The land of no returns

March 18, 2012

That situation is expected to continue for at least two more years because of the action the Board of Governors of the Federal Reserve System took after some the biggest players in the nation’s financial services industry almost completely ended fiscal life as the country knew it back in 2008. Fed Chairman Ben Bernanke recently said the board’s nearly four-year-old policy of lending to banks at a rate of 0.25 percent would likely continue through 2014. That policy has helped keep inflation in check, but it also has deflated returns on fixed investments.

Unfortunately, that premise has taken its toll on investors, who have watched their retirement funds and children’s education accounts creep along, while the end of their working days and the time their kids head off to college have gotten closer. And those situations came on top of the losses they suffered when badly bundled mortgages and credit default swaps were the rage of Wall Street.

Two weeks ago, according to BankRate.com, a website that tracks interest rates, one-year Certificates of Deposit were paying from 0.150 percent to 1.080 percent; three-year CDs were paying from 0.500 percent to 1.460 percent; and five-year CDs were offering from 1.050 percent to 1.740 percent. Money market accounts ranged from 0.70 percent to 0.91 percent. So savers see little hope down the line.

Public officials also seemingly are tiring of the near-nothing yields, as they’ve tried to grow taxpayer dollars and earned revenue into a bigger pot that could help maintain services and keep taxes low.

Take Kent County, for example: In 2003, the investment earnings for its general operating budget were $1.8 million. In 2004, that figure was $2 million. In 2005, it was $2.5 million. In 2006, it was $2.75 million. But for the current fiscal year, earnings from investments are projected to be $282,000.

The situation is the same for cities and townships and for agencies like the Grand Rapids Downtown Development Authority, the Grand Valley Metro Council, the Convention and Arena Authority and others. Millions of dollars less are going into public coffers due to the nation’s current fiscal policy.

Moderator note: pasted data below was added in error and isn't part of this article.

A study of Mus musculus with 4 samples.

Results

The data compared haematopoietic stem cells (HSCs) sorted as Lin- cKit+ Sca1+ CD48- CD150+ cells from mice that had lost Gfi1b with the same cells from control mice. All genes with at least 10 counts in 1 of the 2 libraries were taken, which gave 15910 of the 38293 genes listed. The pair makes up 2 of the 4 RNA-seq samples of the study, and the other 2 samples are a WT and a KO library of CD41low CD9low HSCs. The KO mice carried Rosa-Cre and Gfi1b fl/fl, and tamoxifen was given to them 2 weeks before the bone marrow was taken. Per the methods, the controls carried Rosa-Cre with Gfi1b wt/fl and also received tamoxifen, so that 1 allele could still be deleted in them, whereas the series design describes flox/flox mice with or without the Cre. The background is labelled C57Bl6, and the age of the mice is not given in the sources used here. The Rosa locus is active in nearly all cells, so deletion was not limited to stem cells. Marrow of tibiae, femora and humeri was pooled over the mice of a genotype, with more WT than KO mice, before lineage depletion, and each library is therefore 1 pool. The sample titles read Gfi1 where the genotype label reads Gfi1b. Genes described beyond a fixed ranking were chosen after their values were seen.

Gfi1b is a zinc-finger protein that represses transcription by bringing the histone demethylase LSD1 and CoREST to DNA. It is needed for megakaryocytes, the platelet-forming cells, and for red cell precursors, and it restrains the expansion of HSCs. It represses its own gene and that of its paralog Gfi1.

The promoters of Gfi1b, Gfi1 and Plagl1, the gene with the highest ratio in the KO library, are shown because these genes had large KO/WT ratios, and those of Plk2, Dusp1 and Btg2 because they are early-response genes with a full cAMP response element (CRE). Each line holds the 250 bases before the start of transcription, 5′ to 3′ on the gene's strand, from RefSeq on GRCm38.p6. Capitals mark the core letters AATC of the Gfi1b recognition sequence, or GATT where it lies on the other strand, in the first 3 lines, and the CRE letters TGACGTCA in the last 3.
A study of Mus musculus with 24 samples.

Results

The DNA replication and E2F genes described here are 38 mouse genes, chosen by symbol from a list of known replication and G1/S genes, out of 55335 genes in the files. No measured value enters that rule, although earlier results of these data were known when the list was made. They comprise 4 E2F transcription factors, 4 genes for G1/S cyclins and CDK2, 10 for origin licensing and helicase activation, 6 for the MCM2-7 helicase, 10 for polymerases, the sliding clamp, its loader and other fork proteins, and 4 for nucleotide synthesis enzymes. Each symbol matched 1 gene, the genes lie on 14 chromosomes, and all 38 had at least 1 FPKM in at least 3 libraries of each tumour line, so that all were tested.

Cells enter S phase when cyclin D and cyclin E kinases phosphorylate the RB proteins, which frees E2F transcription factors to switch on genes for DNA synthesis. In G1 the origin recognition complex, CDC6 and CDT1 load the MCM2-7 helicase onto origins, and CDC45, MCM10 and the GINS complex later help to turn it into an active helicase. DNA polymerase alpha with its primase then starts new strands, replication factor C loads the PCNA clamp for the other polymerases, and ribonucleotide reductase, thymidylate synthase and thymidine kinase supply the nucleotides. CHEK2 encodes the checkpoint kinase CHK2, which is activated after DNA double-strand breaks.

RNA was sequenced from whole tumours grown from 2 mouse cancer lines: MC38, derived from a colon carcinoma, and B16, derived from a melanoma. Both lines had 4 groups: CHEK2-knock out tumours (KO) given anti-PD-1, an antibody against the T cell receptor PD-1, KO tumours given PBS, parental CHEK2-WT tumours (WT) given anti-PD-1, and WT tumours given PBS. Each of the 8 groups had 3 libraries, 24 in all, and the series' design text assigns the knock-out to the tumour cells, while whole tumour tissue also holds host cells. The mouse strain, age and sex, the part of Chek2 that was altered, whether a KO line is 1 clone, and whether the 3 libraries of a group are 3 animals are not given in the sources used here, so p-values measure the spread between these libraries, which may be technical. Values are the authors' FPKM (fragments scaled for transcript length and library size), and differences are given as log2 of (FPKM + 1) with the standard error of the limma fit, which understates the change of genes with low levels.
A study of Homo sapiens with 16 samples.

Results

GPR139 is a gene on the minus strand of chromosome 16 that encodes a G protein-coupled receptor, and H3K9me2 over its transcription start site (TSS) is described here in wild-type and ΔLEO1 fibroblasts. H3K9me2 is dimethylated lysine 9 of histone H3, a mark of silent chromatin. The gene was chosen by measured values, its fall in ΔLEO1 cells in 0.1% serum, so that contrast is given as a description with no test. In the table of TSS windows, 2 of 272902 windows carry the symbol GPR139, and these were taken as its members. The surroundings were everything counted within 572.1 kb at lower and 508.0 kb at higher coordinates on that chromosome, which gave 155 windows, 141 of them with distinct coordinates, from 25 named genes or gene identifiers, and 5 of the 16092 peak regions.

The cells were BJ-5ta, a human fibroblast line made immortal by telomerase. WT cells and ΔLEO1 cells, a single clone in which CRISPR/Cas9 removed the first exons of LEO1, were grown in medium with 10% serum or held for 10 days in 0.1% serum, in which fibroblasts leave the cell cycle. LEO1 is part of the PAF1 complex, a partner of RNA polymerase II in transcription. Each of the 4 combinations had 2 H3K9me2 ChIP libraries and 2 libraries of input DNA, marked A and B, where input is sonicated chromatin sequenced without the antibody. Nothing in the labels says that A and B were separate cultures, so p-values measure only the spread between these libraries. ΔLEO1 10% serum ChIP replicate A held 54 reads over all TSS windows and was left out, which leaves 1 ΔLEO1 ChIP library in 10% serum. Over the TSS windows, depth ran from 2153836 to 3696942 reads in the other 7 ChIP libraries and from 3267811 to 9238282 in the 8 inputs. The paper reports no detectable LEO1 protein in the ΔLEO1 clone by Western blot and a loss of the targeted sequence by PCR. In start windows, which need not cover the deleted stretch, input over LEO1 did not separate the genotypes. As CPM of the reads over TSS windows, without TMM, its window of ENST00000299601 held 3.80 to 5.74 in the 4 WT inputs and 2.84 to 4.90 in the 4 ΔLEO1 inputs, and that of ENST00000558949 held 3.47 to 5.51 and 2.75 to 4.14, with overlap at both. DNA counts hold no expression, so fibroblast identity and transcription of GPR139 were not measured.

Kent County Treasurer Kenneth Parrish made his annual trip to the Board of Commissioners recently to present his investment report. He began by reminding commissioners that the county’s policy for making investments is threefold: first is security, second is liquidity and third is yield.

An acronym for that guiding principle — one to which conservative investors may well adhere — is SLY. But this time, Parrish said it might as well be “SL0” with the “0” being shorthand for zero. “It’s really become the SLO method. Safety first, liquidity second and no yield third,” he said.

The county operates an investment pool that includes deposits from about 100 governments, public agencies like GVMC and public funds like the county’s waste-to-energy facility. The pool’s cash and investment total amounted to nearly $324.5 million as of Dec. 31. The investment income for the past year on that hefty amount was just short of $2.4 million, for a return rate of 0.73 percent. A year earlier, the pool’s investment totaled $325.8 million, the investment income was $3.8 million and the return rate was 1.18 percent. So, the return worsened as the economy improved.

“I wish we could earn a better bottom line,” said Parrish, especially with the need for revenue being so vital now. “But we’ve never lost a dime of investment principal.”

The county’s pool had $58.5 million in government securities, $12.2 million in pooled funds, and $253 million in CDs and money market accounts with 19 area banks at the end of last year. The biggest shares of those latter funds were at Huntington National Bank, $49.6 million, and PNC Bank, $44.2 million.

In contrast, the Bank of America held the smallest share of the pool’s funds with $549.06. When he was asked why so little was invested with BOA, Parrish said, “We’re in the process of liquidating our funds from there because their rates dropped so low. Some banks have more cash than they need right now. It wouldn’t surprise me if they were back on the list next year.”

The county’s policy doesn’t allow Parrish to invest more than 25 percent of the pool’s total with a single institution. Huntington has 15 percent, and PNC has 14 percent — numbers that are much higher than the investment returns savers and local governments are getting.

“Unfortunately,” said Parrish, “the 6 and 7 percent investment rates we saw when I took over 15 years ago are long forgone and may never be seen again.”